Extras on Excise: Modern-Day Bootlegger Emphasizes the Effect of Taxes on Human Behavior

On Dec. 8, 2017, the New York Department of Taxation and Finance issued a press release regarding a memorable crime. Police stopped a state resident’s van, and they realized he was hauling 757 liters of Hennessey, Beefeater gin, and Bailey’s (check out the photo the department attached to the release!) allegedly purchased in New Hampshire, “apparently with the intent of selling it [in New York].” While the sheer volume of liquor stuffed into his vehicle is amusing, the more important takeaway is how this case illustrates the incentives created by taxation policies.

Bloomberg BNA has often covered New York’s efforts to enforce its tobacco taxation and licensing laws; the highest amount of inbound cigarette smuggling happens in New York, which the Tax Foundation connects to its tax rates. At $5.85 in New York City and $4.35 per pack elsewhere in the state, (not including sales taxes), New York imposes the highest excise tax rates in the country. Lower tax rates offered by nearby states such as Virginia ($0.30 per pack) and Maryland ($2 per pack), often incentivize entrepreneurial “buttleggers” to stock up on cigarettes there and take them back to the Empire State for resale.

Similar tax situations can guide behavior for other products subject to “sin” taxes.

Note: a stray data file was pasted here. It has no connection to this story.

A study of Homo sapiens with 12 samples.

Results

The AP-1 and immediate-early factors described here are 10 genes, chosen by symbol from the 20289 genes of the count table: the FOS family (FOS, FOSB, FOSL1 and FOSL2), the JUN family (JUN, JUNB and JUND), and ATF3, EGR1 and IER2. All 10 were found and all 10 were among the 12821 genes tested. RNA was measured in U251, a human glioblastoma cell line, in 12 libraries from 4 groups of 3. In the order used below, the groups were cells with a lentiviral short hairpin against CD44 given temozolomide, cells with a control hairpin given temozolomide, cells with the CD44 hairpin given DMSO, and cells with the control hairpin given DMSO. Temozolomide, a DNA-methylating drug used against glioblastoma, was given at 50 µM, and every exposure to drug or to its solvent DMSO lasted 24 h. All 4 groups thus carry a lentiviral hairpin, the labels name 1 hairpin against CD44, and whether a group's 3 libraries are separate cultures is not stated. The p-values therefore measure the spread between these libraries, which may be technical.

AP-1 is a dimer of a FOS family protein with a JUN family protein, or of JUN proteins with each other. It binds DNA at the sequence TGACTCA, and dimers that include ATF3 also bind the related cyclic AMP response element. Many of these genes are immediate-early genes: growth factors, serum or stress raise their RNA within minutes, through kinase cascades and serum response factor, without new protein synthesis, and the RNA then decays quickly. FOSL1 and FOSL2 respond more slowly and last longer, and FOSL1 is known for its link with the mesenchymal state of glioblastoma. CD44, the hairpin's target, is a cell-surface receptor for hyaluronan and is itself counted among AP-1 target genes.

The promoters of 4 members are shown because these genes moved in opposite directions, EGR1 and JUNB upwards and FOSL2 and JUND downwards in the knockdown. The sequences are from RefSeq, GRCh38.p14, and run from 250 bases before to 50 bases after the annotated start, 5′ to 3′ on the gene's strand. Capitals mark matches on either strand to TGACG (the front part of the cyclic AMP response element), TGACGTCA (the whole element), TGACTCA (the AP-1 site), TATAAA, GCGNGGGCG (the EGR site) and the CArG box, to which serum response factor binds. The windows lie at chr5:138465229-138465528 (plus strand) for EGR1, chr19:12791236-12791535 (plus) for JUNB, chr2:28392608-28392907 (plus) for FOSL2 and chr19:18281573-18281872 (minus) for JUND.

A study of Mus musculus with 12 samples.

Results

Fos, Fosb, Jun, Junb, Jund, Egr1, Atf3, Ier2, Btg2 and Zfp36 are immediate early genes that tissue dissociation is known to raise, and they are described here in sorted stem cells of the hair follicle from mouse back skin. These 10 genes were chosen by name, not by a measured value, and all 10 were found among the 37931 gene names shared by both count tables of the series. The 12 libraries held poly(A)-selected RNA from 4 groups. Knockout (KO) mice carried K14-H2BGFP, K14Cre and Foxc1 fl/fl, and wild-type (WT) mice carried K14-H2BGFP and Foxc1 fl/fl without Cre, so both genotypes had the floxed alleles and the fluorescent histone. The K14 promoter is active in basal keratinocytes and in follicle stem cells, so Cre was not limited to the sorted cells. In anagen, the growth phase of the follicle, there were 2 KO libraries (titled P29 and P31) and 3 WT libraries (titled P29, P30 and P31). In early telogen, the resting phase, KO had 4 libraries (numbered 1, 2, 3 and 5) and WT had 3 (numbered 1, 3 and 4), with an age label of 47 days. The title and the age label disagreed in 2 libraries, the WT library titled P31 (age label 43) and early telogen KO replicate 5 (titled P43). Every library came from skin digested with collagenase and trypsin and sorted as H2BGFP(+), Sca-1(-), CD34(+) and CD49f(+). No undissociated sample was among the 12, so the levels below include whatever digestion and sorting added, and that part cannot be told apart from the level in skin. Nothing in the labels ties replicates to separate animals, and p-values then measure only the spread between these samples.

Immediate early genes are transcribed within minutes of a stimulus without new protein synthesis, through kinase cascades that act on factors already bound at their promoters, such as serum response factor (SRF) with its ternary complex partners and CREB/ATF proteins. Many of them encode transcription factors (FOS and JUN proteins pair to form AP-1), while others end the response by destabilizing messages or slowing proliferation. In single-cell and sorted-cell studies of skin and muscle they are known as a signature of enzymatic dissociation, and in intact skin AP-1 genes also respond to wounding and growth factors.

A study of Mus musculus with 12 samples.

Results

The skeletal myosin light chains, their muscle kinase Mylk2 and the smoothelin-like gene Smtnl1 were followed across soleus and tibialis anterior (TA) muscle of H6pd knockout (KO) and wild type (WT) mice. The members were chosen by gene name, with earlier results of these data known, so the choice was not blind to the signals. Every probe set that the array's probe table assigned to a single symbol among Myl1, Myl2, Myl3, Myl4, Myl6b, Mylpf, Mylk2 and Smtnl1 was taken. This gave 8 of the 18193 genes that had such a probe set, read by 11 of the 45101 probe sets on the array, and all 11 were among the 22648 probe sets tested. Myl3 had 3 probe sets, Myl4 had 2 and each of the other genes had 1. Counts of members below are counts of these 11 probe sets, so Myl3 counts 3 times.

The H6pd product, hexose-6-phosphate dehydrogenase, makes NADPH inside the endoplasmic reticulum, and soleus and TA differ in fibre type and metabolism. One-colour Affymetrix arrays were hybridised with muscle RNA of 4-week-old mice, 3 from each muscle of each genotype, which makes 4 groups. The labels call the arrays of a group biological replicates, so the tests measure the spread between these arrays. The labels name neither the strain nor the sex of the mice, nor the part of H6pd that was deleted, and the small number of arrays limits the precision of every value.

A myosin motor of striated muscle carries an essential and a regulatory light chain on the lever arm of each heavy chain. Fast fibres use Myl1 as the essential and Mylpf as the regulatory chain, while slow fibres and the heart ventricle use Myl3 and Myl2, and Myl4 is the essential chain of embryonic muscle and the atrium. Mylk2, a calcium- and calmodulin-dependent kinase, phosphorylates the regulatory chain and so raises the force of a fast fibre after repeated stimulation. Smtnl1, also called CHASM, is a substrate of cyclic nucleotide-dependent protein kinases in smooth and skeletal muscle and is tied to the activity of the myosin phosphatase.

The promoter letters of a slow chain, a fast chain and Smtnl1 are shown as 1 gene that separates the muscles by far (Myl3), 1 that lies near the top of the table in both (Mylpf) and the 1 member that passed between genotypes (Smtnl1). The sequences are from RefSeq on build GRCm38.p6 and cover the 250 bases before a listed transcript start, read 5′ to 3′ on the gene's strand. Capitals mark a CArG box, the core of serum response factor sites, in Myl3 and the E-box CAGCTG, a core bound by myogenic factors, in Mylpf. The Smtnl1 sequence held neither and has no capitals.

The suspect in this case followed this sort of business model in his apparent efforts to be Rum-Runner of the Year. He purchased his alcohol from five stores in New Hampshire, where customers pay no excise or sales taxes on distilled spirits. His home state of New York, however, imposes an excise tax rate of $1.70 per liter for these beverages. Had he not been caught, he likely would have made some profit from the tax savings alone. The alleged perpetrator is not alone, as twenty-five percent of the alcohol sold in New York City is smuggled in from across state borders, according to a 2016 Crain’s New York Business article, which pins alcohol trafficking largely on the state’s tax rate.

The suspect faces two felony charges: possessing more than 360 liters of liquor that he hadn’t paid New York taxes on (over a thousand dollars’ worth) and acting as a distributor without proper registration.

While we may often think of bootleggers as relics of Prohibition, wearing fedoras and pinstripe suits as they smuggle liquor in dry jurisdictions à la the Great Gatsby, they’re still operating today. But instead of battling the Eighteenth Amendment, bootleggers (and buttleggers) are using differences in states’ sin tax rates for arbitrage.

Continue the discussion on Bloomberg BNA’s State Tax Group on LinkedIn: What is the proper mechanism for reducing bootlegging and buttlegging?